Doing Something Right

Parenting can be like a lot of modern video games. It does not come packaged with any instructions, just a list of credits telling you who made what. The expectation is that you figure it out as you go along. You receive skill points (XP) for achievements, some parts are more challenging than others, and there is little motivation to go back and replay levels you previously conquered. You can get by with the basics, but to truly experience raising a child or playing a game, you have to find all of the hidden collectibles, earn each of the trophies, and unlock every upgrade. It can be expensive. Downloadable content (school clothes) and microtransactions (Christmas presents) greatly improve satisfaction; on their own they don't seem costly, but after a while the prices add up and look shameful in retrospect.

Did I just compare my kids to a $60 polycarbonate plastic disc filled with graphical and audio programming designed for digital entertainment? Maybe. It is a tenuous simile. However, as a mostly former gamer, I have slogged through some games with steep learning curves. I have hit the start button to dive into stories where the studios that created it expect the end user to know what they are doing with minimal explanation or instruction. This button jumps, that button interacts with objects, and the trigger uses your weapon. Good luck. You're on your own for IRL food, sleep, and potty breaks.

Yet even the most difficult game I have ever played is simple compared to the rigors of parenthood. As a trade off, being a dad is infinitely more rewarding than beating the final boss or reaching the end of the last world in any video game. At least, it is if you do it right.

The biggest challenge in parenting is wondering if your strategy is working. I think much of being a parent is composed of not knowing what you are doing while hoping for the best. Ideally, we reach out to some older/wiser types who have been there and done that. We listen to the advice of professionals who might know more than we do about areas of child rearing: teachers, pastors, counselors, therapists, our own parents. We read books and magazine articles. We try new things and go through the full process of failure and revision.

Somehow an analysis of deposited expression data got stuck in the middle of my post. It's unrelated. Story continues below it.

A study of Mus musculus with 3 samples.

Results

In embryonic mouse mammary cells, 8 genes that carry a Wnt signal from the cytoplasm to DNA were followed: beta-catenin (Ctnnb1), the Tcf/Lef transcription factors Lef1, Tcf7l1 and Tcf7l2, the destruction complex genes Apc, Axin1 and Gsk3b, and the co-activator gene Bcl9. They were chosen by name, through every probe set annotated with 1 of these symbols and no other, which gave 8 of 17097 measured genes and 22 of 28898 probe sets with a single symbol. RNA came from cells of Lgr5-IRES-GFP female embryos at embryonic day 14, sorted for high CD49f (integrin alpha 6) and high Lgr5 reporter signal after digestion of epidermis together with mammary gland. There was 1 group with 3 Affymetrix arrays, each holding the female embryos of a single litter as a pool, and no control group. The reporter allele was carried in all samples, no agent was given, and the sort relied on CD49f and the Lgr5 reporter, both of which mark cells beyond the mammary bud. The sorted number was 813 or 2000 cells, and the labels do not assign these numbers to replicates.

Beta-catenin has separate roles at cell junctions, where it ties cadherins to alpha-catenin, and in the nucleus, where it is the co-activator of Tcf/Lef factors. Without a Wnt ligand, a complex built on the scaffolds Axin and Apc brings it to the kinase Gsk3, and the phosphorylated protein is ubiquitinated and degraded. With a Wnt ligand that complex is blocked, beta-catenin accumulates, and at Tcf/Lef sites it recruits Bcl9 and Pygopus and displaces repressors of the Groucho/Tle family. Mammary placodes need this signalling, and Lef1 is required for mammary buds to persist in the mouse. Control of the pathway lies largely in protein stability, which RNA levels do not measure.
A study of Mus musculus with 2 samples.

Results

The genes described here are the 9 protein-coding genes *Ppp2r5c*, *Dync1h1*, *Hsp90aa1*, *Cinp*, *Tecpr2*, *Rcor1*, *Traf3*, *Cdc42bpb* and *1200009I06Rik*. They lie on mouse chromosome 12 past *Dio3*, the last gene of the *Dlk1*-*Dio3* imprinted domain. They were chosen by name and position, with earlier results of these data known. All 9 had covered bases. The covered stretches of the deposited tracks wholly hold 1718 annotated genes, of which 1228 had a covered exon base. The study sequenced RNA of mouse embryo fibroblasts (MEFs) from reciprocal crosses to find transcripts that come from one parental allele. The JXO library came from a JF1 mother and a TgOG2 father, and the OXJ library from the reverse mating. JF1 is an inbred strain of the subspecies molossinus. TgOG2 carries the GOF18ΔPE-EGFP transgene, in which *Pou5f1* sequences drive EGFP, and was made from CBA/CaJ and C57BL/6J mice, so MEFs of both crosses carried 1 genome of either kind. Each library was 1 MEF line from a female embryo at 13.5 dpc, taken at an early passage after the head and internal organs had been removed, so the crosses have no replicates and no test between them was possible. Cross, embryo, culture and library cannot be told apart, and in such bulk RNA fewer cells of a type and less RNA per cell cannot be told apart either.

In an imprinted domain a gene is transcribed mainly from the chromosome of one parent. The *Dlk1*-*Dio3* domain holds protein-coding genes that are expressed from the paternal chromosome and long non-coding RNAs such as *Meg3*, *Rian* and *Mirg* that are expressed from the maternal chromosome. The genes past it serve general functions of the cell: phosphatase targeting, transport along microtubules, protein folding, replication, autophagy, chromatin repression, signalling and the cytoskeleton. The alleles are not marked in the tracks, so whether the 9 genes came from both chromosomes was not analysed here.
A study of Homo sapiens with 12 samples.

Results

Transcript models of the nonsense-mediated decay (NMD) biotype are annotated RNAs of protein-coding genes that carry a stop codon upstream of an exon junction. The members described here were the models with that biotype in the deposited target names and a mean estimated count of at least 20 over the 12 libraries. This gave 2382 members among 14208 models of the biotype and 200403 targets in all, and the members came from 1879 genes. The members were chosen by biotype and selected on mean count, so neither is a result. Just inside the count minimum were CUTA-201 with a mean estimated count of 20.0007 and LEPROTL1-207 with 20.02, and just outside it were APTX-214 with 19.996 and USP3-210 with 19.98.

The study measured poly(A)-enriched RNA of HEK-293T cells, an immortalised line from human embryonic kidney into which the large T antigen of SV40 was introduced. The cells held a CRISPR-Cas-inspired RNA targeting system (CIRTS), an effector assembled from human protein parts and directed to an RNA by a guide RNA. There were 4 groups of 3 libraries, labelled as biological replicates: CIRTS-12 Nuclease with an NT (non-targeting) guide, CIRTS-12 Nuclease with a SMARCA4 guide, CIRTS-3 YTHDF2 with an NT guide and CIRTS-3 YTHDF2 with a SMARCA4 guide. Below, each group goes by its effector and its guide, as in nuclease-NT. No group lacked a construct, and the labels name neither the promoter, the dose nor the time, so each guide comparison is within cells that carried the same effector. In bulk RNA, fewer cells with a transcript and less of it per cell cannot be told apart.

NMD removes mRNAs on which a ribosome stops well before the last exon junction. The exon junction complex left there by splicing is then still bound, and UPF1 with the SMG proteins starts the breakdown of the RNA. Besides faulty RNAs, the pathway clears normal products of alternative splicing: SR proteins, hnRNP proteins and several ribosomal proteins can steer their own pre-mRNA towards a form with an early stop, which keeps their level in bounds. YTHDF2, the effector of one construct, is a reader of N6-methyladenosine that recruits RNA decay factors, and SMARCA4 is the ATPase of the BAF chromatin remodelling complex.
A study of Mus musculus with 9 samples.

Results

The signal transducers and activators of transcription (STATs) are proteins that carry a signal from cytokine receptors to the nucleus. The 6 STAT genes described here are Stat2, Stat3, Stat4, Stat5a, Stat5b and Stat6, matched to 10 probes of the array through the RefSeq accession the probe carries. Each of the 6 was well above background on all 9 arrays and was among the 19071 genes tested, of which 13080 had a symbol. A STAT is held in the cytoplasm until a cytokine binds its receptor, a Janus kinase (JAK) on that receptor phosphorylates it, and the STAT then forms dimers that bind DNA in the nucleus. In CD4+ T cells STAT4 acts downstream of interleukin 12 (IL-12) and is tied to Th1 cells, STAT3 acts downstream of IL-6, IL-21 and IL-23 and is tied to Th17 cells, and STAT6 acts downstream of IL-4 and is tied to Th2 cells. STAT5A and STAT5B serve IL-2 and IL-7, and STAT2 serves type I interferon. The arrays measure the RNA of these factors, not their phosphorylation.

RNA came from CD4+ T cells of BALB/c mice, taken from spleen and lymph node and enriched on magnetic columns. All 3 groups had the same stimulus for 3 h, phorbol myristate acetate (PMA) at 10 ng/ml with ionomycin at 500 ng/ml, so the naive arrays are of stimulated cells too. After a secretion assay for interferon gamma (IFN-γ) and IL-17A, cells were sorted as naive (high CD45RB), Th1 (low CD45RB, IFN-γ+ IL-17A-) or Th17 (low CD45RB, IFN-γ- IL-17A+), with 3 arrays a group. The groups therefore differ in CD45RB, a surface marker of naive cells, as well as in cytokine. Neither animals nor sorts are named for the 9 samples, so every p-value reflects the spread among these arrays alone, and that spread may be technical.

We do what we can with the tools we have been given. At the end of the day, we want greatness for the miniature humans entrusted into our care all with the intent of turning them into the closest semblance of a decent and productive adult before releasing them upon an unsuspecting world. We try. We try hard. Unfortunately, the fruits of our labor are rarely evident.

Every now and then, there are rewards. Achievements unlocked. It could be a friend telling you "You're a good dad." Or a teacher telling you "Your kid is amazing." And then there are moments you realize that your kids are turning out to be better than you ever anticipated.

Last Thursday, we were at the grocery store restocking our diminished supply of perishables. In other words, my kids ate all of the fruits and veggies and we needed more. While wandering through the produce section, we procured more bananas, strawberries, tomatoes, carrots, broccoli, and grapes - all of the organic matter I know my kids will eat without prompting or hesitation. Somewhere between the plantains and the melons, Christian shared an observation.

"It's a shame." he said.
"What is?" I asked.
"All of this food. And so much of it is going to go to waste. I mean, there are homeless people who don't have anywhere they could go to get a meal."

After that explanation, Christian spent the next ten minutes detailing how unsold soon-to-expire groceries should go to food banks and homeless shelters and benefit those who need it most. This from a kid who aspires to be a comedian and novelist when he grows up.

Not to be out done, his younger brother demonstrated his own variation of kindness and generosity.

After church Sunday morning, our kids’ ministry director pulled me aside and said she needed to brag on J. Of course, she asked him if she could embarrass him by telling me a story. JJ granted her permission.

She explained how he already knew the activity that they were doing because he had done it before. And it would have been alright if he did it all over again. Instead, he decided to assist other kids that were struggling making their craft. He got up without being asked to do so and started helping the others in his age group. "Here, let me show you how to do it." After telling me how he did such a awesome job, she looked at JJ and asked him if he could do that again during the next service. He smiled big and nodded his head. Of course he would.

Moments like these make the rougher moments of parenthood worth it. It lets me know I am doing something right. But to be honest, I have no idea what that something is. I do not have any sage advice for other floundering parents out there. There is no formula that I can package and sell for other dads to replicate the amazing things my kids do. Realistically, it is a guessing game, not knowing if it works, and hoping for the best. In twenty years, if my kids are still trying to solve the world’s problems and seeking opportunity to help those in need, I will consider my job a smashing success.